German high court overturns ban on ‘commercial’ assisted suicide
GERMANY, February 26, 2020 (LifeSiteNews) — Germany’s highest court has overturned a 2015 law that had banned assisted suicide for “business” motives while allowing the practice for “altruistic” reasons.
The move appears to be a significant development in opening the way for legislation that will lead to an expansion of assisted suicide in Germany, with the court reportedly finding that individuals have a right to "self-determined" suicide, which includes the freedom to take one's own life and to enlist assistance in doing so from third parties.
The ruling comes as a result of challenges made against the law for making the “commercial promotion of assisted suicide" a criminal offense. The decision is being reported as opening the way to legislation that will allow doctors to both counsel patients about assisted suicide and to provide them with lethal drugs to end their lives.
The BBC reports that the court declared the law banning professionally assisted suicide to be unconstitutional and said that while parliament could pass laws on preventing suicide and increasing palliative care, it was not entitled to affect the impunity of assisted suicide.
The 2015 law is reported to have prevented individuals and organizations in Germany who until then had professionally facilitated assisted suicides from continuing the practice. One media report claims that “doctors and staff working in hospices became too scared to even consult patients on this possibility.”
The BBC report cites a medical ethics expert who claims that she knew of no doctor in Germany who had helped with assisted suicide in the past five years, because of the 2015 clause in the criminal code. With professionals barred from the practice, Germans wishing for assistance in killing themselves have had to ask family or friends, or travel to countries such as Switzerland where so-called suicide clinics operate.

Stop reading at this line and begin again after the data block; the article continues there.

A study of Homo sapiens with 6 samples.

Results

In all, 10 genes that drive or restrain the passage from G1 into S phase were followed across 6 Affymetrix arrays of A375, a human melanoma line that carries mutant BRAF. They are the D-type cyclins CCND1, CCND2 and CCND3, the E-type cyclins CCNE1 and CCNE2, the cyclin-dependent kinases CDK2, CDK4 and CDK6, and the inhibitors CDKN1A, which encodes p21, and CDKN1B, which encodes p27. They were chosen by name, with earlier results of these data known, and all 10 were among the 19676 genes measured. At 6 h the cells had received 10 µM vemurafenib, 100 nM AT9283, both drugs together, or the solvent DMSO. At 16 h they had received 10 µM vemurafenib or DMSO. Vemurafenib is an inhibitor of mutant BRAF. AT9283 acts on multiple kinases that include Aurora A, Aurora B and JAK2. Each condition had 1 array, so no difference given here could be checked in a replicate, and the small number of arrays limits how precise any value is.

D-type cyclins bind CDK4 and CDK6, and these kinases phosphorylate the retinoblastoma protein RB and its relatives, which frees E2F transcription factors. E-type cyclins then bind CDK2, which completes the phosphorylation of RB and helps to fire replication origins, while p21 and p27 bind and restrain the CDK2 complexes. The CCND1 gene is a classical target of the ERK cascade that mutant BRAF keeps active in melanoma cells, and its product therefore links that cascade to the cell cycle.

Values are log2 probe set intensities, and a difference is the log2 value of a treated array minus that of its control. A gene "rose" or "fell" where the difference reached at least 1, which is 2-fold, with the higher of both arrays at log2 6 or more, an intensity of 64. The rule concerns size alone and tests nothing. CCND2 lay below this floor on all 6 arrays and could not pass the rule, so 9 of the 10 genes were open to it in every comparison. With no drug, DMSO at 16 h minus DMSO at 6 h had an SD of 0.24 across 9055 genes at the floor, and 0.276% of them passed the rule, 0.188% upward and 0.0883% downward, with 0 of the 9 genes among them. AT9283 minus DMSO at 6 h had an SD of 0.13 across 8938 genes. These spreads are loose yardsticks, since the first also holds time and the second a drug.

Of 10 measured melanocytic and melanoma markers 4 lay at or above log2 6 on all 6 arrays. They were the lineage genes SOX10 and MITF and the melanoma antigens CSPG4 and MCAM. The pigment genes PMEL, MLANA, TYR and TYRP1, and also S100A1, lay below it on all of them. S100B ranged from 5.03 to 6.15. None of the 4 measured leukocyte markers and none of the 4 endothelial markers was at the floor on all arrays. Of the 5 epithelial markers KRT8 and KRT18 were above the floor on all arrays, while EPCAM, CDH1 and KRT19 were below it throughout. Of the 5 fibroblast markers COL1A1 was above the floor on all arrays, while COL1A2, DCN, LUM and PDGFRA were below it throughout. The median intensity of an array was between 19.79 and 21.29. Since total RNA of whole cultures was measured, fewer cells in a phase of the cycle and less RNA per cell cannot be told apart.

Until 2015 there was considered to be a legislative void in Germany around assisted suicide and euthanasia, which is an especially controversial issue in the country because of its historic connection to the Nazis.
During the operation of their clandestine euthanasia program, begun as a eugenic measure in 1939, the Nazis systematically murdered an estimated 200,000 mentally and physically disabled children and adults in institutions in Germany and its territories.
In fact, Germans avoid the word “euthanasia,” according to the Guardian, instead preferring to make distinctions between “assisted suicide” and “active assisted suicide.”
Alex Schadenberg, director of the Euthanasia Prevention Coalition, said in 2015 that the move to allow assisted suicide in Germany for “altruistic reasons” had “opened the door” to assisted suicide and predicted that it would be challenged by campaigners seeking more liberal laws. Schadenberg said that the law criminalizing commercial assisted suicide was the German government effectively saying: “if you break our rules, that’s a criminal act,” but noted that they had in fact “legalized assisted suicide per se.”
Last week Portugal’s parliament voted to allow euthanasia and assisted suicide, taking a significant step towards legalizing the state-assisted killing of its citizens.
Assisted suicide and/or euthanasia is now legal in Canada, 10 U.S. jurisdictions, 2 Australian states, Belgium, the Netherlands, Switzerland, Luxembourg, and Colombia.
In Belgium, children can now be euthanized. In the Netherlands, a doctor who forcibly euthanized an elderly woman by first drugging her coffee and then having her relatives hold her down was determined by a government panel to have “acted in good faith.” A court subsequently ruled the doctor had acted in the patient’s best interests.